Fighting Poverty with Passion
The longer I work, the more I find how important organization is to planning for and meeting deadlines. It seems like common sense, but when I’m busy with projects, it’s easy to shelve “time for getting organized” – after all, it’s not a priority when juggling grant applications, the newsletter, etc.
But I’m learning it probably should be!
Every month, I draw up a new calendar on my dry erase board that hangs next to my desk. It’s huge, about 18 x 24, and I use it to track development and communication due dates—grant reports and applications, newsletter drafts, foundation prospect research, and so on. It’s a useful tool, and because of its size and proximity to my desk, it’s nearly impossible to forget a deadline!
What I’ve found, however, is that by focusing on one month alone, I lose a sense of what’s approaching. Are there projects due February 1? February 7? If they’re not on my giant dry-erase radar, I may not be prepared. So far, I haven’t missed any major deadlines. But to ensure that it doesn’t happen, my director and I drafted a development calendar for 2014. It’s overwhelming to look at, but at the same time comforting to know I can start to organize my time weeks in advance.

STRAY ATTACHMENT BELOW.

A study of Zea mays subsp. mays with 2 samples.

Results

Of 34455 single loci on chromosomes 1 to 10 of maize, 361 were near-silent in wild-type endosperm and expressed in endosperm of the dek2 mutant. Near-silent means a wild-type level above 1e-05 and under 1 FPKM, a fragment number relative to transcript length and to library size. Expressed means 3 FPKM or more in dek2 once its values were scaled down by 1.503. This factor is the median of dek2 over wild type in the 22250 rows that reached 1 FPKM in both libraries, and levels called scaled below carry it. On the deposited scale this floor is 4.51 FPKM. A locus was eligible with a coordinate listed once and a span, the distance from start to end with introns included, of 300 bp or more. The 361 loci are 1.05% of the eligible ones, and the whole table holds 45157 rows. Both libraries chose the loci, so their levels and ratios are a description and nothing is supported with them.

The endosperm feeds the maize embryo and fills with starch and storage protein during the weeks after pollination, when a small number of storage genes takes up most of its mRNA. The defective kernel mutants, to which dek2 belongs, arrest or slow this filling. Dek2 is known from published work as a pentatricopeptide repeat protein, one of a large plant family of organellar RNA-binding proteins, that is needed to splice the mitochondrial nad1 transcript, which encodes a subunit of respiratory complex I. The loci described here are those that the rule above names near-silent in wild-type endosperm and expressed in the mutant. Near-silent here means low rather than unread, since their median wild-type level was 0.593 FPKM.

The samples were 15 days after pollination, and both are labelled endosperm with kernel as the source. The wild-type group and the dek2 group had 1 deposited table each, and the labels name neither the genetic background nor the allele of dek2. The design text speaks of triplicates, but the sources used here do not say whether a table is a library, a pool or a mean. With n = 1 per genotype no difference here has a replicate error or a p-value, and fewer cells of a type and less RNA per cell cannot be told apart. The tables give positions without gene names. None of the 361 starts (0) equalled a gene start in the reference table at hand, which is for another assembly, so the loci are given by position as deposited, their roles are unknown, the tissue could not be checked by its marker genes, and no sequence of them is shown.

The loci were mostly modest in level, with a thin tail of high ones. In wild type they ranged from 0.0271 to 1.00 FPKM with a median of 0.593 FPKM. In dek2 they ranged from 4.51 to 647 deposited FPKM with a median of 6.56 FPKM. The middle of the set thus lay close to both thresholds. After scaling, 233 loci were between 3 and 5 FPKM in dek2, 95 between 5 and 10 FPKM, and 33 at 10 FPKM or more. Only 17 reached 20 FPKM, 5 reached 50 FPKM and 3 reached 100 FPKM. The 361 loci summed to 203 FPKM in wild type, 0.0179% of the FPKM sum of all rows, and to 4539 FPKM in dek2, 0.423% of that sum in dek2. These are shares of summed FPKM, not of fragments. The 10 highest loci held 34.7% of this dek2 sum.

Aside of planning dates, we are also hashing out a new strategy for donor cultivation. It’s exciting to be in the talks about how to improve and build upon our relationships with past donors – I get to use all the knowledge gained from VISTA orientation, my VISTA campus course on resource development, and our professional development at Tulane. Transforming notes on paper into action is extremely gratifying, and I look forward to being apart of the process as it unfolds in the next few months.